John Fauvel and Jeremy Gray (eds.) A History of Mathematics: A Reader, Sheridan House, 1987.
Who's That Mathematician? Images from the Paul R. Halmos Photograph Collection
For more information about Paul R. Halmos (1916-2006) and about the Paul R. Halmos Photograph Collection, please see the introduction to this article on page 1. A new page featuring six photographs will be posted at the start of each week during 2012.
Abram Besicovitch (1891-1970) is pictured in his office at Trinity College, Cambridge, England (or possibilty his home in Cambridge) on June 8, 1968. A student of A. A. Markov at the University of St. Petersburg, where he earned his degree in 1912, Besicovitch taught in Russia during the revolutionary years. He finally escaped to Copenhagen in 1924, and eventually settled in England, where he was a functional analyst at Cambridge from 1927 onward. Besicovitch was a member of the Institute for Advanced Study in Princeton in 1954-55 and also visited various U.S. universities from 1958 to 1966. It is possible that his visits included the University of Chicago or the University of Michigan, where Paul Halmos taught during this period (he moved from Chicago to Michigan in 1961), and that the two became acquainted then. They certainly would have been interested in one another's mathematical work.
Halmos photographed R. H. Bing (1914-1986) in Miami, Florida on April 3, 1966. Bing was a Texas high school teacher turned R. L. Moore-trained topologist. He spent most of his career at the universities of Wisconsin and Texas. He and Halmos may have met at the Institute for Advanced Study in Princeton, where both were members during 1957-58. Bing served as president of the MAA in 1963-64 and as president of the AMS in 1977-78.
In 1965-66 Halmos took a year's leave from the University of Michigan to teach at the University of Miami in Coral Gables, Florida. Two years later, the sun-seeking Halmos accepted a position at the University of Hawaii in Honolulu. In 1966, Bing was a professor at the University of Wisconsin; in 1973, he returned to the University of Texas, Austin, where he had earned his Ph.D. in 1945.
This photograph shows R. H. Bing (left) with Burton W. Jones (1902-1983) in 1981. Jones earned his Ph.D. from the University of Chicago in 1928, working under Leonard Eugene Dickson. From 1930 to 1948, he was a professor at Cornell University, where his second, third, and fourth Ph.D. students were representation theorist Irving Reiner (1947), MAA book series eponym Mary Dolciani (1947), and number theorist William LeVeque (1948). His very first Ph.D. student was Irma Moses Reiner (1946), who describes Jones as a "good, approachable, and available" Ph.D. advisor, who "provided an excellent problem and was helpful in conferences while I was working on it." In 1948, Jones moved to the University of Colorado, Boulder, where he spent the rest of his career, chairing the mathematics department from 1949 to 1963 and retiring in 1971. He published number theory and abstract algebra textbooks and a popular book on mathematics, Elementary Concepts of Mathematics. Both UC Boulder and the MAA Rocky Mountain Section have mathematics teaching awards named in Jones' honor.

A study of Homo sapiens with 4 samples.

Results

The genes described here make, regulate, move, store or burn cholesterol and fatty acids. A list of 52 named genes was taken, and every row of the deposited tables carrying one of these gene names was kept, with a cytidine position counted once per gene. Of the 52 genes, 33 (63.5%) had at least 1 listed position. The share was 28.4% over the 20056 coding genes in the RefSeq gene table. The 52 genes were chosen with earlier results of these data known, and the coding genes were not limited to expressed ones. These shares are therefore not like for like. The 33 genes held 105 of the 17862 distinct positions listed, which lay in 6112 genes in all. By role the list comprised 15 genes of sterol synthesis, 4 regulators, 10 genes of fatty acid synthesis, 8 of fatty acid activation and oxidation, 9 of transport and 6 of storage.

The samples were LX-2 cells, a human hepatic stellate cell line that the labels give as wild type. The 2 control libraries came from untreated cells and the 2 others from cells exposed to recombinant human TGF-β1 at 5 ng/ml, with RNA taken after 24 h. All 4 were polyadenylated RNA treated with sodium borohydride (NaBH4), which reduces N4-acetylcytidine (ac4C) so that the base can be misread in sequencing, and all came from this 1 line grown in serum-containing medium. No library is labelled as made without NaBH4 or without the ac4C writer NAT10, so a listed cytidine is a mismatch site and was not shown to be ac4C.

Halmos photographed the American algebraist Garrett Birkhoff (1911-1996), far left, and the Iranian mathematical physicist Abolghassem Ghaffari, far right, at the Third Iranian Mathematical Conference in Tehran, Iran, in 1972. He identified the two women in the photo only as "Mrs. Ghaffari" and "R. Birkhoff." Abolghassem Ghaffari studied and worked in Iran, France, England, and the U.S., before moving to the U.S. permanently in 1956. During the 1950s, he worked with Einstein and Oppenheimer in Princeton and, during the 1960s, he worked for NASA on the Apollo 11 mission. On June 15, 2011, Ghaffari celebrated his 104th birthday. The Ghaffari family is collecting photographs of A. Ghaffari and is particularly interested in photographs of him with Einstein and/or Oppenheimer. Please contact us if you can help.
Group and lattice theorist Garrett Birkhoff advised over 50 Ph.D. students during a long career at Harvard, but he may be best remembered for his abstract algebra text, A Survey of Modern Algebra, written with Saunders Mac Lane and more commonly known by its authors' surnames, "Birkhoff and Mac Lane." Halmos and Birkhoff probably would have first met when both were at the Institute for Advanced Study in Princeton in 1939-40.
Halmos photographed Errett Bishop (1928-1983) at Bishop's home in La Jolla, California, in February 1983. A Ph.D. student of Halmos at the University of Chicago (1955), Bishop spent his career at the University of California, Berkeley, and the University of California, San Diego (in La Jolla). He made important contributions to a number of areas of analysis, including its foundations.
Mathematical philosopher Max Black (1909-1988) at the AMS-MAA Joint Summer Meeting in Ithaca, New York, on Aug. 31, 1965. Black was at that time a philosophy professor at Cornell University in Ithaca, where he spent most of his career. Did he attend the mathematics meeting because it was in a convenient location for him, or did he regularly attend mathematics meetings?